Jeremy Corbyn has said the government’s response to the coronavirus outbreak has proved he was “absolutely right” about public spending.
In an interview with the BBC, Corbyn said he had been “denounced as somebody that wanted to spend more money than we could possibly afford”, but the amount being spent by the government on the COVID-19 crisis showed that such sums were affordable.
The government has so far announced an unprecedented amount of economic support to help the UK cope with the fallout of the coronavirus break, including support for businesses, employees and most recently, the self-employed.
In an interview with BBC's Political Editor Laura Kuenssberg, the outgoing Labour leader said: “I did everything I possibly could to win both elections and to say to the people of this country, the only way our society can come together is if we're prepared to invest.
“I was denounced as somebody that wanted to spend more money than we could possibly afford, in order to right the social wrongs of this country.
“So this is a change in our politics, which the coronavirus crisis has actually meant in every country in the world.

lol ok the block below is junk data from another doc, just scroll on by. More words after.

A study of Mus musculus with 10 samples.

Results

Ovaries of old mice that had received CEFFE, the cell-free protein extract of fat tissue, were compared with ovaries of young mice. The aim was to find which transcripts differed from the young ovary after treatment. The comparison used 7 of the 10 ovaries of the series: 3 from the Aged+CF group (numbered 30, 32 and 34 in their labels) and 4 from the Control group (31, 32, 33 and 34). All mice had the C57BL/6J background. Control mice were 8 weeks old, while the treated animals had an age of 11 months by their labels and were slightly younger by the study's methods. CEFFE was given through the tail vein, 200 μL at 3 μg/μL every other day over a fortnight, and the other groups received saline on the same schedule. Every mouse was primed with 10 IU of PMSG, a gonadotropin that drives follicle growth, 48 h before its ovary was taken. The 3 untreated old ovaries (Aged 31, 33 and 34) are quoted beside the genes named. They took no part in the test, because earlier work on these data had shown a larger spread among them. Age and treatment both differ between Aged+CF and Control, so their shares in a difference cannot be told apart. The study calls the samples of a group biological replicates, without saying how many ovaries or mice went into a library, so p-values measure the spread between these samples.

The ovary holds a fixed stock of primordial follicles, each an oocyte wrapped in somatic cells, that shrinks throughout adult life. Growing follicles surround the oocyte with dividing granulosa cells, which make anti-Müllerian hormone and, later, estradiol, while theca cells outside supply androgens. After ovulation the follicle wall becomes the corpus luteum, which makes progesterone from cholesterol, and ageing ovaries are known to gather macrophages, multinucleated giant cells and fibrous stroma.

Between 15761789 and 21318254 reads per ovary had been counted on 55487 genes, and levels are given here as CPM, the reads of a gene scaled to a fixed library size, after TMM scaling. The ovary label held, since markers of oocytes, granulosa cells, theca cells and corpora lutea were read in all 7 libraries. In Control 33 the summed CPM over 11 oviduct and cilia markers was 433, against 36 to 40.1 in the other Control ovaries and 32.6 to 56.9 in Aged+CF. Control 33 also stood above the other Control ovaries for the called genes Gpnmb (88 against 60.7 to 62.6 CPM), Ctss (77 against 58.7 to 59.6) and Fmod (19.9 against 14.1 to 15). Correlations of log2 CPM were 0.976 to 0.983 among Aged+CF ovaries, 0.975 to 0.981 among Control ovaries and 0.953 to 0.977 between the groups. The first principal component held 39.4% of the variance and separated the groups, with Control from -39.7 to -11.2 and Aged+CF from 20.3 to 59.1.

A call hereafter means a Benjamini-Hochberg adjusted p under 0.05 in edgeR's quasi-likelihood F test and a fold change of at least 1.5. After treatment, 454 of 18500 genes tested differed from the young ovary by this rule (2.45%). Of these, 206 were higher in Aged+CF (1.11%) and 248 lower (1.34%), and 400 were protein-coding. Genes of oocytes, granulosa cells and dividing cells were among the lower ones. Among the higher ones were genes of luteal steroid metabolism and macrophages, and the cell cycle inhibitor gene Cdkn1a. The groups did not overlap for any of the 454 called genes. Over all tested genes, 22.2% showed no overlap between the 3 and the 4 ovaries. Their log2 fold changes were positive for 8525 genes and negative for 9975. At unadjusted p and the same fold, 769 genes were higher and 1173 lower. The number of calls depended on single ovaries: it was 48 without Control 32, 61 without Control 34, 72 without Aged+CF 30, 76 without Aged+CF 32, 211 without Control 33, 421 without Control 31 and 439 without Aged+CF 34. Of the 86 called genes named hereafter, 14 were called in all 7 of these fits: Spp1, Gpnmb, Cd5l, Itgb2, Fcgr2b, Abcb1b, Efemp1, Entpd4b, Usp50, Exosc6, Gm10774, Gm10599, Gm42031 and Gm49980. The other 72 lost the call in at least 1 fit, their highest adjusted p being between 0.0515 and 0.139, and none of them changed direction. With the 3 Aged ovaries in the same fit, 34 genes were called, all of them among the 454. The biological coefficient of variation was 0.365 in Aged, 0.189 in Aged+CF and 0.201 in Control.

“There's suddenly a realisation that we're only as healthy as the safety of our neighbour.”
In a special address on Thursday, Sunak said the government would launch a new self-employed income support scheme which will pay self-employed people a taxable grant worth 80% of their average monthly profits over last three years, up to a maximum of £2,500.
The scheme will be open to those with profits of up to £50,000 and who earn the majority of income from self-employment. Only those already in self-employment and with a tax return for 2019 will be eligible, although the tax deadline will be extended by four weeks.
“The scheme I’ve announced today is fair,” Sunak said. “It is targeted to those who need it the most and crucially it is deliverable.”
The move comes on top of already unprecedented measures offered to prop up the economy amid the effects of the coronavirus outbreak.